People in Delhi have been calling each other mournfully all Thursday afternoon. “I say, Pavarotti’s dead!” “Oh no! Let’s have a wake and listen to him together.” “Weekend?” “Great. What shall we hear?"
As you see, Delhi does things thoroughly. But so I recall do the people of Modena in Italy, the hometown of the great opera tenor Luciano Pavarotti, aged 71, who succumbed yesterday to his long fight with pancreatic cancer. Years ago when I hung out in Modena for a few days, the kindly north Italians took me on drives into the low Apennine hills around their ancient town. All I knew about it then was that it had supplied a 17th century Catholic queen to James II of England (the 15-year-old Mary of Modena). The enthusiastic people of Emilia Romagna, the region of which Modena was the capital, shrieked at my ignorance. Modena was car heaven. The factories of most famous Italian makes like Ferrari, Bugatti, De Tomaso, Lamborghini, Pagani and Maserati were all here.
In the interests of education, they fed me great food (the salads dressed in local balsamic vinegar were spectacular) and plied me with more Lambrusco wine than I could really handle. And in that mood-enhanced state, they played Pavarotti for me, Modena’s best contribution to music. It was from the bel canto (‘beautiful singing’) of the 19th century Italian composers, Donizetti, Verdi, Puccini, that were to become Pavarotti’s core competence, though these were things I learned years later from Delhi’s best-known, hardcore opera buff, Sunit Tandon.
What I call my ‘pickled Pavarotti’ was the obvious one, La donna è mobile (‘Women are fickle’) from Verdi’s Rigoletto. I couldn’t explain why it upset me, so I cried. The (mistakenly delighted) Modenese rushed to mop my eyes with little cries of “Ah! Simpatica!” and poured more wine. They were so proud of Pavarotti. He was enormously fat, loved great food, cooked lavishly for guests, played a mean hand of poker, liked horses, football. And women. He was still married then to his wife Adua. His big messy divorce and new marriage with his long-time secretary Nicoletta came years later, in 2000. So did the mean, bitchy book by his manager of decades, saying he couldn’t sight-read music properly, he was lazy, he thought he was the world’s best tenor (so did most people). Deservedly, the book was disdained by most.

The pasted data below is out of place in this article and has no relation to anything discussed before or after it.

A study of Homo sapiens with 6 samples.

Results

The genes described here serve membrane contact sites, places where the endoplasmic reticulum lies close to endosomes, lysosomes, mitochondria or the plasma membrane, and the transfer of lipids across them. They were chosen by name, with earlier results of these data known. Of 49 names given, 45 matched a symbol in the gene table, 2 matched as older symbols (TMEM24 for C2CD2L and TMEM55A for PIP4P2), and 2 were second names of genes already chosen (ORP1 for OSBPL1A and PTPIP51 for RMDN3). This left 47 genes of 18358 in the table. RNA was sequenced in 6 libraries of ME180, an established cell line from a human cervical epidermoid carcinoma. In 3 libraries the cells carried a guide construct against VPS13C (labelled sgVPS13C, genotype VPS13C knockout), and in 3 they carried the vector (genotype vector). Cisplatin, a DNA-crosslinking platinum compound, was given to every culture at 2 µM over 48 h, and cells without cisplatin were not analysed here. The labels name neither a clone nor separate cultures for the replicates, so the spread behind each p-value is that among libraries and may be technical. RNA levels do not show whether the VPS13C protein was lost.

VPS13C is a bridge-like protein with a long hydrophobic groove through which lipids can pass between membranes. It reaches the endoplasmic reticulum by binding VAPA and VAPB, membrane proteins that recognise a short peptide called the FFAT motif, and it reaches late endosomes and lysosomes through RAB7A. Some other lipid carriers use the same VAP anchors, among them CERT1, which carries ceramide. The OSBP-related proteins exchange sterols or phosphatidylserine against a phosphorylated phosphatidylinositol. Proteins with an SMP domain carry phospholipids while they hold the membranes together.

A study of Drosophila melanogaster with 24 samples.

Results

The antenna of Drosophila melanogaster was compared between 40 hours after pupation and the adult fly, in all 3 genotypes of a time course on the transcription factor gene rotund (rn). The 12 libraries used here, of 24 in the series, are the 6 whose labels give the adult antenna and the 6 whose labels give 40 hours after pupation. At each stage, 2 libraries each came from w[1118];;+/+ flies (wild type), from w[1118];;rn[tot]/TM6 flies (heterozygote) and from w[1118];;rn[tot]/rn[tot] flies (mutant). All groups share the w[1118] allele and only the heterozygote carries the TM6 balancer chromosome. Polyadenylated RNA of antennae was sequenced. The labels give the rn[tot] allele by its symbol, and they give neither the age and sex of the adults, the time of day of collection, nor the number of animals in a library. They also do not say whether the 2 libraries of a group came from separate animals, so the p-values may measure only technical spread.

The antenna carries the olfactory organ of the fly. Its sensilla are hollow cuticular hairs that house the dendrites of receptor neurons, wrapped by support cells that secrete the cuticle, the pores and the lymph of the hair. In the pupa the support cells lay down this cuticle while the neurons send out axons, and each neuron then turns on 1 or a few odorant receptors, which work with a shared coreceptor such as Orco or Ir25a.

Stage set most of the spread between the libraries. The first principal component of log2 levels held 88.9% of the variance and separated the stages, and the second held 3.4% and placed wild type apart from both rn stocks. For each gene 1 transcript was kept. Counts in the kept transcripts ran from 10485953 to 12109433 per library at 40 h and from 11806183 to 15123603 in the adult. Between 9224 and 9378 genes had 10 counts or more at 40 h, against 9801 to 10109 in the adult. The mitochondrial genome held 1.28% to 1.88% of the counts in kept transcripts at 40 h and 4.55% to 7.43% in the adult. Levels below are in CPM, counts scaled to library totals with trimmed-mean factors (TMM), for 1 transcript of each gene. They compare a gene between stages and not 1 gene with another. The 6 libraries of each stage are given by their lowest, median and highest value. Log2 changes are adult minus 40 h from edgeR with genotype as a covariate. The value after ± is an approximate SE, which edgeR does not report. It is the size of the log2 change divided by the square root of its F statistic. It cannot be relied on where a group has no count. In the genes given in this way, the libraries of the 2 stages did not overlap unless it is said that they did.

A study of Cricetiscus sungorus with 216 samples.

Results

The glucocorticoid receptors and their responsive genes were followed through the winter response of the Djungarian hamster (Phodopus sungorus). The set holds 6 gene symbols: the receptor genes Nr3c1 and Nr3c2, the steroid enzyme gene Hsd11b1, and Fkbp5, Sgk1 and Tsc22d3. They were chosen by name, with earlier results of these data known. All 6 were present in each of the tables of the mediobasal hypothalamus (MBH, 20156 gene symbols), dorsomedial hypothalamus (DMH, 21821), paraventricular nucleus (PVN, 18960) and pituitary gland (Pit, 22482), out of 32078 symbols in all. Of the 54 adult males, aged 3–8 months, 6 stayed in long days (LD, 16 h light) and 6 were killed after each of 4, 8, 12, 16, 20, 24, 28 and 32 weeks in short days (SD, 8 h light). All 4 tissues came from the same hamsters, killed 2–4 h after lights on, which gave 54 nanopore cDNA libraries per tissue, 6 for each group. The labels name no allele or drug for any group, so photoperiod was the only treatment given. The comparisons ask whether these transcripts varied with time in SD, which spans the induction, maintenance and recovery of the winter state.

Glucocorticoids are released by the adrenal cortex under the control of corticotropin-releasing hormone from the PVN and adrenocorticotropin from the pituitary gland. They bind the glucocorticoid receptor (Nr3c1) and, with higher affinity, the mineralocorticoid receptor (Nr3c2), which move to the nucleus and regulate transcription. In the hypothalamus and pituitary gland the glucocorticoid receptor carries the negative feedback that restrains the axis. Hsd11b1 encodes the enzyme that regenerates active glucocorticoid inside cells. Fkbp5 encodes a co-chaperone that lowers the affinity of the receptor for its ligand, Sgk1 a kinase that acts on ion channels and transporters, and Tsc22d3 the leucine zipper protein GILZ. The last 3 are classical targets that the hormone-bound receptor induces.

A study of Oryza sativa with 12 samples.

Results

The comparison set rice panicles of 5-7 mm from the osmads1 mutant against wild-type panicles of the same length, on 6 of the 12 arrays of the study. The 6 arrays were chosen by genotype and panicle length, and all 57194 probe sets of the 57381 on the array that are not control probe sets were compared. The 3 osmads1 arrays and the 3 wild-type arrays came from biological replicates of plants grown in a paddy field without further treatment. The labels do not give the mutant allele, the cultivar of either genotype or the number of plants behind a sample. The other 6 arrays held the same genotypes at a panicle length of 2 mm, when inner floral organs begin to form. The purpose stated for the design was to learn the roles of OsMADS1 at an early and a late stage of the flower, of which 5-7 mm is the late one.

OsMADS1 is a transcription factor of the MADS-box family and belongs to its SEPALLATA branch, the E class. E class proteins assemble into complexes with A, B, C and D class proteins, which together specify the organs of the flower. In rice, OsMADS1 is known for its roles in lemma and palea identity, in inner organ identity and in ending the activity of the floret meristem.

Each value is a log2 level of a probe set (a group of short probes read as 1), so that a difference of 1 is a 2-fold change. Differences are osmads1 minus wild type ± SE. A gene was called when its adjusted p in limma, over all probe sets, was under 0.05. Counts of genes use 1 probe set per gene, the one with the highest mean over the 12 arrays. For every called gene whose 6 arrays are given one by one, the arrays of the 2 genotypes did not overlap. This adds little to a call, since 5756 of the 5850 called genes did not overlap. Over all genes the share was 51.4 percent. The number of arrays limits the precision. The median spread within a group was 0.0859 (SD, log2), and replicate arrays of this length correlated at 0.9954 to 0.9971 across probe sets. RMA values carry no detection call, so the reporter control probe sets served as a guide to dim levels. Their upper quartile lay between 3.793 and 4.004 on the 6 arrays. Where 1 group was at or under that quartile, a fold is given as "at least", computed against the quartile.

For who cared if he had a few petty ‘faults’, just like any human being? Could jealous little people give the world what Pavarotti gave? The uplift and delight that are gifted to us only by very great performers who are in tune with themselves, with the composer and with those elusive hidden harmonies that can only be caught with divine grace?
Pavarotti retired from opera in 2004. He was diagnosed with cancer last year and underwent surgery but was back in hospital this August. Life had begun so modestly in Modena for the son of Fernando, a baker and amateur singer, and Adele, who worked at the local tobacco factory. As a boy, he went to a music competition in Wales with his father’s church choir, which won. He kept up his voice lessons, though his first jobs were as a primary school teacher and as an insurance salesman. His musical career took off in 1961 and made him a multi-millionaire. He also raised millions for charity. People who were otherwise scared of opera were drawn to it because of him.
Pavarotti got global with the 1990 Football World Cup when his version of the Puccini aria ‘Nessum dorma’ from Turandot became the tournament’s theme song. His 1990 The Essential Pavarotti was the first western classical album to reach No.1 on Britain’s pop charts — and stay there for five weeks. His 1994 recording, Three Tenors in Concert with Placido Domingo and José Carreras, remains the best-selling western classical album of the entire slew.
I don’t know if people in Delhi will flourish large white handkerchiefs, an established Pavarotti stage ada, when they listen to him this weekend singing from Rigoletto, Aida, La Boheme or Donizetti’s La Fille du Regiment or, perhaps, Otello. But chances are the hankies may be needed to mop many Indian eyes.